High Peak charity's plea for more people to offer homes for Ukrainian refugees

A High Peak charity is calling on more people to step up and offer homes for those fleeing war torn Ukraine.

Monday, 9th May 2022, 8:57 am

The Little Cherubs charity based in Chapel-en-le-Frith says there is a shortage of residents putting their names down to host those leaving Ukraine and wants to alleviate some of the fears people may have.

Sally Deepee, the charity’s founder, said: “We have been inundated with support in terms of clothes and money which has been amazing but I know we can do more.”

Little Cherubs is working with connections in Ukraine to match people with suitable host homes in the area so people can chat before they move over here.

Sign up to our daily Buxton Advertiser Today newsletter

Little Cherubs Ukraine appeal. Ian Depee,Jill Mears,Sally Depee and Gareth Jones.

Sally said: “We have so far managed to secure relocation for a family to Congleton but not in the High Peak as we just haven’t had people coming forward.

“I know it can be scary to welcome people into your home but we are working to provide a full support package for those taking people in and the refugees who have had to leave their homes.

“We are working with the refugees and some of those looking for safety include an elderly lady and her grandson as well as two sisters with their children.

“We have spoken to these people and at times our conversations have gone on while bombs were going off. This is the reality people in Ukraine are living with.”

Read More

Read More
Construction work on A6 roundabout in Buxton to start

Connecting displaced families is all part of the government’s Homes for Ukraine scheme which will allow individuals, charities, community groups and businesses in the UK to bring Ukrainians to safety – including those with no family ties to the UK.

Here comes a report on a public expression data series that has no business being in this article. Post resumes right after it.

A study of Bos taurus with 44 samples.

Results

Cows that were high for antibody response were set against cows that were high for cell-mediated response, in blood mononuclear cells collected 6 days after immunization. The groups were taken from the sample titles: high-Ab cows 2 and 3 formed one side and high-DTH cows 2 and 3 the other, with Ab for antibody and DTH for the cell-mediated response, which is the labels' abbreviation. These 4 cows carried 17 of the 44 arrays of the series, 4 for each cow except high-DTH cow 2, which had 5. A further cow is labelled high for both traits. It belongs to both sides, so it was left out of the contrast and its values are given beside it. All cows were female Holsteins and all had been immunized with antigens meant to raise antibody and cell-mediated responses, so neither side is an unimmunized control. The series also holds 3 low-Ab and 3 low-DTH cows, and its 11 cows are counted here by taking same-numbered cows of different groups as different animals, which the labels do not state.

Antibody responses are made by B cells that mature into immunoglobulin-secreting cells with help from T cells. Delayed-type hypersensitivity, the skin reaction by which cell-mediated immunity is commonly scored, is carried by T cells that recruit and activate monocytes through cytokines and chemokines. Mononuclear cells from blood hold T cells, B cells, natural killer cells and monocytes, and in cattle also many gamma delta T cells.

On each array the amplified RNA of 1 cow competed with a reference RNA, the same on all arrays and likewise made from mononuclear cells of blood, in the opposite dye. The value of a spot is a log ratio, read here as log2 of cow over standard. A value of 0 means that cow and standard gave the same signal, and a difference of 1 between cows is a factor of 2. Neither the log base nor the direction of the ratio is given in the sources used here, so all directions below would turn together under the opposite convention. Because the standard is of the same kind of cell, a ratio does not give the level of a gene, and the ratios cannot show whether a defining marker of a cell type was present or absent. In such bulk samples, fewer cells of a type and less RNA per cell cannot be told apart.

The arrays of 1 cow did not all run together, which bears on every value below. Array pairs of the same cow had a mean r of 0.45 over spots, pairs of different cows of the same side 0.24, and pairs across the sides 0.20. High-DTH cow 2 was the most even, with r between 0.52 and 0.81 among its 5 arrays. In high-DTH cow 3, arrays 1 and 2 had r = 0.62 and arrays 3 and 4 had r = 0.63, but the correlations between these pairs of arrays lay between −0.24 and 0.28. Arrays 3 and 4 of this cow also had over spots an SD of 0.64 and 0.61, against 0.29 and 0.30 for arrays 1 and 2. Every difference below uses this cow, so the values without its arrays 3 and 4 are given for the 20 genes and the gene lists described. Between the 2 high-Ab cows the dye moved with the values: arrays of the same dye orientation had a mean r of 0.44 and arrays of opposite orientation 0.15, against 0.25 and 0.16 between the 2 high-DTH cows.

This means sponsors in the High Peak will be able to nominate a named person or family to stay with them in their home or in a separate property and then complete the visa process.

Those who do make an offer to host people could be sharing their home for up to a year which Sally admits is a long time which is why it is important to make sure everyone is happy.

Those who host will be given £350 each month from the government for up to 12 months. This is a flat fee which does not increase if you host more than one person in the same property.

Sally said: “We are finding out as much as we can about people in both countries to make the best possible matches.”

The unique matching system allows hosts to find people who they want to share their home with, be that a family with young children if they have grandchildren of a similar age and a spare room or those who share similar interests such as sports.

“We know the language barrier is scary but we have translators who are giving up their time to help people acclimatise as well as trauma counsellors to help those who have left or lost loved ones,” Sally added.

“We are also working with local churches to provide social meet-ups so when families do come over here they can meet up with others and form a community within a community.

“These people have been through unimaginable things in the last couple of months and every person we get out of the Ukraine is a person whose life we have saved.

“I hope more people come forward now and realise we will be with them every step of the way.”

Those who want to apply to host should email [email protected]

In these confusing and worrying times, local journalism is more vital than ever. Thanks to everyone who helps us ask the questions that matter by taking out a subscription or buying a paper. We stand together. – Louise Cooper, editor.